May 3, 2012 5 Comments
This week’s 60 minutes interview with obvious war criminal and moral reprobate (and, head of the CIA “interrogation” i.e., torture program) Jose Rodriguez was disturbing as hell, but fascinating to see how this pathetic little man justified his heinous actions to himself. The fact that this guy is running around free as if he’s not guilty of blatant and obvious war crimes really bugs me. Anyway, nice response from Amy Davidson:
Rodriguez did not forthrightly argue that torture—the contained drowning of waterboarding, slapping and stress positions, keeping detainees in a “cramped confinement box with an insect,” keeping them naked and awake for days on end by any means necessary, holding electric drills to their heads and telling them that their female family members would be raped in Middle Eastern prisons—was an awful necessity when there was no other option. Instead, he underplayed what he and his operatives had done (making suspects “uncomfortable”) and bragged about its use in proving the manhood of the torturer (“We needed to get everybody in government to put their big boy pants on and provide the authorities that we needed”; “The objective is to let him know there’s a new sheriff in town.”). He talked as if torture were an expression of strength, rather than momentary domination masking the most abject moral and practical weakness…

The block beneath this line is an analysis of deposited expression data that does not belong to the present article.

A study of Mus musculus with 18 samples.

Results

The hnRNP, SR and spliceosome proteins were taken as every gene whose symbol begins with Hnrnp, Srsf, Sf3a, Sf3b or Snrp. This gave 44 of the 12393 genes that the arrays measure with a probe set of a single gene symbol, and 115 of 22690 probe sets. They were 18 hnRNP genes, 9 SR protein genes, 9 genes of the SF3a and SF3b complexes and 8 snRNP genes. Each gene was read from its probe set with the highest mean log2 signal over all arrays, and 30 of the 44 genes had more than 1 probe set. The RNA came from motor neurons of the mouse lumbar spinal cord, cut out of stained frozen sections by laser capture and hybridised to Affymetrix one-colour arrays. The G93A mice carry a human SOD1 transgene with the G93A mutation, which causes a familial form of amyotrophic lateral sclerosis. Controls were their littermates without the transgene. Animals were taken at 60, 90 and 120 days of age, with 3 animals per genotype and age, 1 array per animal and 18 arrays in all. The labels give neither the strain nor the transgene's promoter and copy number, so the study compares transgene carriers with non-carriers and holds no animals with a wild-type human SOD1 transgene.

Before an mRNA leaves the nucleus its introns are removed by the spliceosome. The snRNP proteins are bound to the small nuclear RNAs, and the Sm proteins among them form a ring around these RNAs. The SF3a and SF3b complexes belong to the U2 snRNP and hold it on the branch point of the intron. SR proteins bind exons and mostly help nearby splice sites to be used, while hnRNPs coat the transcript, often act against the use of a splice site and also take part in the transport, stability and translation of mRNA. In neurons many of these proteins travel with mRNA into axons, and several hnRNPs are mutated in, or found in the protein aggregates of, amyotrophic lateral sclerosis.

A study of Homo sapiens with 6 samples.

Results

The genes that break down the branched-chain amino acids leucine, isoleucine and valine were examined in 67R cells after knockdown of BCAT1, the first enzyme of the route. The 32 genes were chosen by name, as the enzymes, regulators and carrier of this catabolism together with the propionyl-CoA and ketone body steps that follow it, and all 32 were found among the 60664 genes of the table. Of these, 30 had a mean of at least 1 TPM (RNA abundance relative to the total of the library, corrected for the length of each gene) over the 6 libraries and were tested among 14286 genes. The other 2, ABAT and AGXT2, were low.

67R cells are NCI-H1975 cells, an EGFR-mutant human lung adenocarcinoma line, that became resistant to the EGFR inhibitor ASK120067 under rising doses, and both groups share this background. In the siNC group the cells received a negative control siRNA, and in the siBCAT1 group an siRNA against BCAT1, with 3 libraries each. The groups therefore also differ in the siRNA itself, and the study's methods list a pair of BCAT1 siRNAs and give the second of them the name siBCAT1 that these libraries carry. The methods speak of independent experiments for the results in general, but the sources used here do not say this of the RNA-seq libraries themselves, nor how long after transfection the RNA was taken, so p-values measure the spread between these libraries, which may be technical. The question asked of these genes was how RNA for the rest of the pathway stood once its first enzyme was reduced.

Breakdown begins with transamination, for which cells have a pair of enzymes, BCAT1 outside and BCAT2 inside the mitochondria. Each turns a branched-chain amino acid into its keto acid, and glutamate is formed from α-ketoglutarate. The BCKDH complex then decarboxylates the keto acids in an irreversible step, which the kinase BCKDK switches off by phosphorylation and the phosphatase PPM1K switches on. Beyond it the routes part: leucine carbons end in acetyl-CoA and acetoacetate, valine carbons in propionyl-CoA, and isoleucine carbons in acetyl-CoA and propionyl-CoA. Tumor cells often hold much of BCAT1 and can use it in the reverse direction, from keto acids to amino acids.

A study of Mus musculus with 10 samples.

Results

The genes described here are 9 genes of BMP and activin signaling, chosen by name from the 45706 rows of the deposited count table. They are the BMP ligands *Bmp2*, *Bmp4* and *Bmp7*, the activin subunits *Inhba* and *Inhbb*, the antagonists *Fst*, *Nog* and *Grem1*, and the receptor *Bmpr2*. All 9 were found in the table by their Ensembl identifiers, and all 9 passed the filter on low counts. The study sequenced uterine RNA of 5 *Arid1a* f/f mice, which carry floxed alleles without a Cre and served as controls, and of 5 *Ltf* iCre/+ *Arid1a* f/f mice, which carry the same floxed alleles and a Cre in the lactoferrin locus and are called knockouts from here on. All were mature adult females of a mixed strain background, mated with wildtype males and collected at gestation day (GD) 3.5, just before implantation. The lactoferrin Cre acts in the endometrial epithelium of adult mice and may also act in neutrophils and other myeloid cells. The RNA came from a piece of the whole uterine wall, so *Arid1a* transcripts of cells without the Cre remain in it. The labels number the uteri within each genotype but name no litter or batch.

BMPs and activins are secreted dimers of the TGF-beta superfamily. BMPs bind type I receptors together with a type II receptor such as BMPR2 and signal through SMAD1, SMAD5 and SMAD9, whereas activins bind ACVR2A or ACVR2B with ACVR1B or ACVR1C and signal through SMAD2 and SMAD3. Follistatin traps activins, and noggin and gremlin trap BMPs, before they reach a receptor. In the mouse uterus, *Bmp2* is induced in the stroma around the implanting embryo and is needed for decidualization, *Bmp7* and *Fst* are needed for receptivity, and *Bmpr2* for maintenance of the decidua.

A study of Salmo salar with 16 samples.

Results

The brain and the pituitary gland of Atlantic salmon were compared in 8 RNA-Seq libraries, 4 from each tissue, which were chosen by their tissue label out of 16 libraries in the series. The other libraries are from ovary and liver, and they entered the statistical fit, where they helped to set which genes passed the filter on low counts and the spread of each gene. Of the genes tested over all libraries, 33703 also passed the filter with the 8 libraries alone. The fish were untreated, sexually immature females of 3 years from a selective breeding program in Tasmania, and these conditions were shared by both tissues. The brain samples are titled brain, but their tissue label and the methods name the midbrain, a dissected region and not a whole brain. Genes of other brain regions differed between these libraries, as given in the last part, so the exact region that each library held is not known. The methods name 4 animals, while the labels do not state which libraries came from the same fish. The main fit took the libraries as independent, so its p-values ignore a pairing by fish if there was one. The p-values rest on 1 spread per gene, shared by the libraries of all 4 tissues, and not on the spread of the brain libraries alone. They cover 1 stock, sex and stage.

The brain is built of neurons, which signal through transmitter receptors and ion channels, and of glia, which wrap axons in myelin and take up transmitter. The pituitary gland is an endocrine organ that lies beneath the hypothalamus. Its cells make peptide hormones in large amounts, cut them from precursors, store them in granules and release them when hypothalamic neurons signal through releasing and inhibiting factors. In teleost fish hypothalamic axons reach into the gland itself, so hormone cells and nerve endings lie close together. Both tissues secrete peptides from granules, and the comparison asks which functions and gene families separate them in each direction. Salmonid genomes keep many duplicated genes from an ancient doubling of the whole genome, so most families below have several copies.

Lesley Stahl says, “Other people call it torture. This was—this wasn’t benign in any—any sense of the word.” Rodriguez responds,
I’m not trying to say that they were benign. But the problem is here is that people don’t understand that this program was not about hurting anybody. This program was about instilling a sense of hopelessness and despair on the terrorist, on the detainee, so that he would conclude on his own that he was better off cooperating with us.
I think that bit right there really suggest something about the mindset of this guy. That he could say it wasn’t about “hurting” anybody and in the very next sentence say “instilling a sense of hopelessness and despair.” Ummm, wow. And, how was it they were instilling hopelessness and despair? By repeatedly hurting (i.e., torturing) people. The rest of Davidson’s commentary points out the evidence that the FBI’s non-torture interrogatiosn were actually more effective.
I get why Obama let this all go, but I honestly feel like Obama’s own moral weakness in not calling these torturers (and a complicit American public) to task is the great moral failing of his presidency.